Sunday, July 31, 2011

Kidflation Affects The Children With Higher Prices At The Candy Store

2010 Chile earthquake - Kids playing in TalcahuanoImage via WikipediaMom and Dad think they have it bad, with paying $4.00 for gas to go to the supermarket to shop for ever rising food prices. Kids have it rough too in this economic downturn. While adults are feeling retail prices increasing 8.5%, kids are feeling it worse in the pocket book with a rise of 14.3% for the things they need to buy.

Typical costs for kid purchases of sweets and candy have risen 24% on average. Soft drinks are up 16% and kids clothing is also up 17%. To make matters worse for the kids, Mom and Dad are handing out less and less pocket money. Some parents have reduced or eliminated giving the kids their pocket money. Though many parents are making the kids earn their extra money by taking on additional chores around the house.

This terrible affect of the recession on kids has helped them learn the cold hard facts of life. They are learning money is finite and you have to work for the money you receive. Today's kids have many more hands out for their money. Also income from jobs and chores have not kept up with the prices. If they have jobs they are probably receiving the minimum wage. With expensive gas, movie tickets, clothes and cell phones the kids are having a hard time making ends meet.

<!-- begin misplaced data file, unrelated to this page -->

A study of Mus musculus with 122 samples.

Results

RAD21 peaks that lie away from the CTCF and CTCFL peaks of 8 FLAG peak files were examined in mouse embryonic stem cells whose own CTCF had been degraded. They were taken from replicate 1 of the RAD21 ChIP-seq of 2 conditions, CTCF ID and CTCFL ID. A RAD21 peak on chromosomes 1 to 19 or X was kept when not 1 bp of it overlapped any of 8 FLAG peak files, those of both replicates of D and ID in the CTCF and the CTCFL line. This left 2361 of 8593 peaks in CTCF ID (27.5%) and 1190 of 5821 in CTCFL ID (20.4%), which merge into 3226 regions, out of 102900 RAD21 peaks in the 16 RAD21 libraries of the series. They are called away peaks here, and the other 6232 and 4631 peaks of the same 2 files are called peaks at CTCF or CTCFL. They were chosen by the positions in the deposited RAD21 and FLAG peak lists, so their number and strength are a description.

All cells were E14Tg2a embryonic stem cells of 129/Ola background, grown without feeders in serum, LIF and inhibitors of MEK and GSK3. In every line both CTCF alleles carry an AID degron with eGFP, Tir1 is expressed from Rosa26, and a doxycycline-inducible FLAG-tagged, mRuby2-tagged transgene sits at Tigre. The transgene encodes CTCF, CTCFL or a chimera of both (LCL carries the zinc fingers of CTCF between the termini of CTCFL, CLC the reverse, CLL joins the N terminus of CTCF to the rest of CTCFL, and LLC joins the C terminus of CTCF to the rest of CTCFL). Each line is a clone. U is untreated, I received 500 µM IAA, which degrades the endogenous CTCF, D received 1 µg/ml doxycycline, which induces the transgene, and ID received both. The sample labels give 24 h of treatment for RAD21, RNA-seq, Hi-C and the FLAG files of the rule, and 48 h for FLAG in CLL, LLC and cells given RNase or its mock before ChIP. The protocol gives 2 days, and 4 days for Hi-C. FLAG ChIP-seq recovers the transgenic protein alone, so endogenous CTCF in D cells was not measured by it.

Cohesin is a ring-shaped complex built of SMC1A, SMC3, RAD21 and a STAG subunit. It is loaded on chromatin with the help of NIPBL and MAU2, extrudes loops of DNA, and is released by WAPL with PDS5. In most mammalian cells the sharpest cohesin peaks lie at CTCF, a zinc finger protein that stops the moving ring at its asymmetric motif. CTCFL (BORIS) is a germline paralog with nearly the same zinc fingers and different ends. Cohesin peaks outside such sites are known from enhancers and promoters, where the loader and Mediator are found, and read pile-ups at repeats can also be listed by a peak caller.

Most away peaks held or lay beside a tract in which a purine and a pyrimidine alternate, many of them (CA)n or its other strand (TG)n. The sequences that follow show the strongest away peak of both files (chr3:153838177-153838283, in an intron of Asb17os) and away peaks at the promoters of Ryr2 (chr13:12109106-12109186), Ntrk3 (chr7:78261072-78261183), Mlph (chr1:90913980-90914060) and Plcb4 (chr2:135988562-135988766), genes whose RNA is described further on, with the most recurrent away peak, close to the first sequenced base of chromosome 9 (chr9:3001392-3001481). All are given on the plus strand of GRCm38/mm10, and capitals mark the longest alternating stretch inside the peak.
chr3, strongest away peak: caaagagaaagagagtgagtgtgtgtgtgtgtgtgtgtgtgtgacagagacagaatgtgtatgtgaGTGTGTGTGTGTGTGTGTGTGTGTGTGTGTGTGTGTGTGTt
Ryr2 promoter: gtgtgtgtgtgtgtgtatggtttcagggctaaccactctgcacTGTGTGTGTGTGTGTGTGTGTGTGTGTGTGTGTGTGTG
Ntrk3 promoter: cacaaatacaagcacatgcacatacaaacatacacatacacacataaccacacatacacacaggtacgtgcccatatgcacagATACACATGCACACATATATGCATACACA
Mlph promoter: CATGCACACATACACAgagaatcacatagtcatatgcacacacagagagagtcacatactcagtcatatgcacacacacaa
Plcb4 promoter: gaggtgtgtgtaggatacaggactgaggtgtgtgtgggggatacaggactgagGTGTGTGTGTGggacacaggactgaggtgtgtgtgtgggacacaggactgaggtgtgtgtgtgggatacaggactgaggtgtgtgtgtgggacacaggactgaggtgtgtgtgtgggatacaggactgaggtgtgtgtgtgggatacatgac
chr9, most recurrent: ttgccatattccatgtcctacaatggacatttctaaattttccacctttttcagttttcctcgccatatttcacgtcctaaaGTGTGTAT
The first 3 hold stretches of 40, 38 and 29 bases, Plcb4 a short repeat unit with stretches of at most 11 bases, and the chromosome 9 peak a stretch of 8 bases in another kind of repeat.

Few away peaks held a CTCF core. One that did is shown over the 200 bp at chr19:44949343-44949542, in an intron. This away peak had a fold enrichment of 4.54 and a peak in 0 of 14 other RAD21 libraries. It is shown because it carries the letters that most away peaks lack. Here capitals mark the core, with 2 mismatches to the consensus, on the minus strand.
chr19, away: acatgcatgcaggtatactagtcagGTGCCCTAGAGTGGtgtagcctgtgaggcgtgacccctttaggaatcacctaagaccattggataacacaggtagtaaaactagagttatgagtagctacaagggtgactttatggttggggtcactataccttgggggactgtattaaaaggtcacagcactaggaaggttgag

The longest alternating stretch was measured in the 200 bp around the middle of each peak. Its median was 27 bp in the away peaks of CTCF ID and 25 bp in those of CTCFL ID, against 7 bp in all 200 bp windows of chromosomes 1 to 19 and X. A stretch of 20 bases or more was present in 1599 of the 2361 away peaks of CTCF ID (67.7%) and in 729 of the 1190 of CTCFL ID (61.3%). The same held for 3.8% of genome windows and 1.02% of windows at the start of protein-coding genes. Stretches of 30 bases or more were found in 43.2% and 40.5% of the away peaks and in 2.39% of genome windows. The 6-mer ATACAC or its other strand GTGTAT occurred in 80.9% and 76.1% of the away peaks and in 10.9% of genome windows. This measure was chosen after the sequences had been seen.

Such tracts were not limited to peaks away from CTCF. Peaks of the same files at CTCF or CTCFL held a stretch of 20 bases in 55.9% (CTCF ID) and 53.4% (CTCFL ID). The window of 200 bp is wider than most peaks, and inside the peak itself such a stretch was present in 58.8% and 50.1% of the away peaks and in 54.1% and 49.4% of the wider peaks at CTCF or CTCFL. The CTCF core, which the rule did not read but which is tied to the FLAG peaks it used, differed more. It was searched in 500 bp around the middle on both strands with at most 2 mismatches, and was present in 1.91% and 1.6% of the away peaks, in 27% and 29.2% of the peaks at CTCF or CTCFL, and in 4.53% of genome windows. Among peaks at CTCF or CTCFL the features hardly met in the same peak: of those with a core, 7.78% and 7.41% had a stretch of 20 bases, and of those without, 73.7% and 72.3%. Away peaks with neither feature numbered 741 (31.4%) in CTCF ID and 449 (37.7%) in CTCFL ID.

The high cost of video games is affecting junior's pocket book. The average new, must have video game sells for $50. Being in the baby boomer generation, thinking of spending $50 on toys when I was young, Mom and Dad would of thought I was crazy to spend that much.

Teach good lessons

All this spending can be used to teach good economic behavior to your children. Teaching wants verse needs is a lesson that can be taught at a young age. This kind of lesson probably will have to be taught again and again depending on the maturity level of the child.

Teach how money is earned

Handing the kids an allowance is not a good idea because it teaches money is free with no action taken by the child to receive it. Rather teach the child to work for their allowance by doing chores around the house. Linking their regular chores with the money teaches WORK = MONEY. If you get that lesson into that head of mush it will be the best thing you can do for your child.

Teach how money is used

When they finally receive their money they must be taught how to make financial decisions in life. This is the parents time to guide the youth in making good spending decisions. Eventually they will be on their own and you won't have this influence anymore. The kids should learn to spend and save for future spending. Eventually, you should not be paying for everything. So start by keeping things simple. Kids (via their allowance) pay for the wants (toys, snacks, gifts for friends). Parents pay for needs (school supplies, Grandpa’s birthday present) and the expenses that are random or unpredictable (class trips). Of course, it’s still your money. But transferring the responsibility for those expenses to the child gives them the chance to learn to budget and save and make wise choices.

Learn to let go.

You have taught them how to spend now step back and let them try it out. If they do well with their spending you have accomplished a lot. If they fail miserably you have an opportunity to use the failure to teach a lesson. Remember this is a process. As their maturity level rises, or doesn't rise, you will have to at time step in and reinforce the lessons not quite learned yet.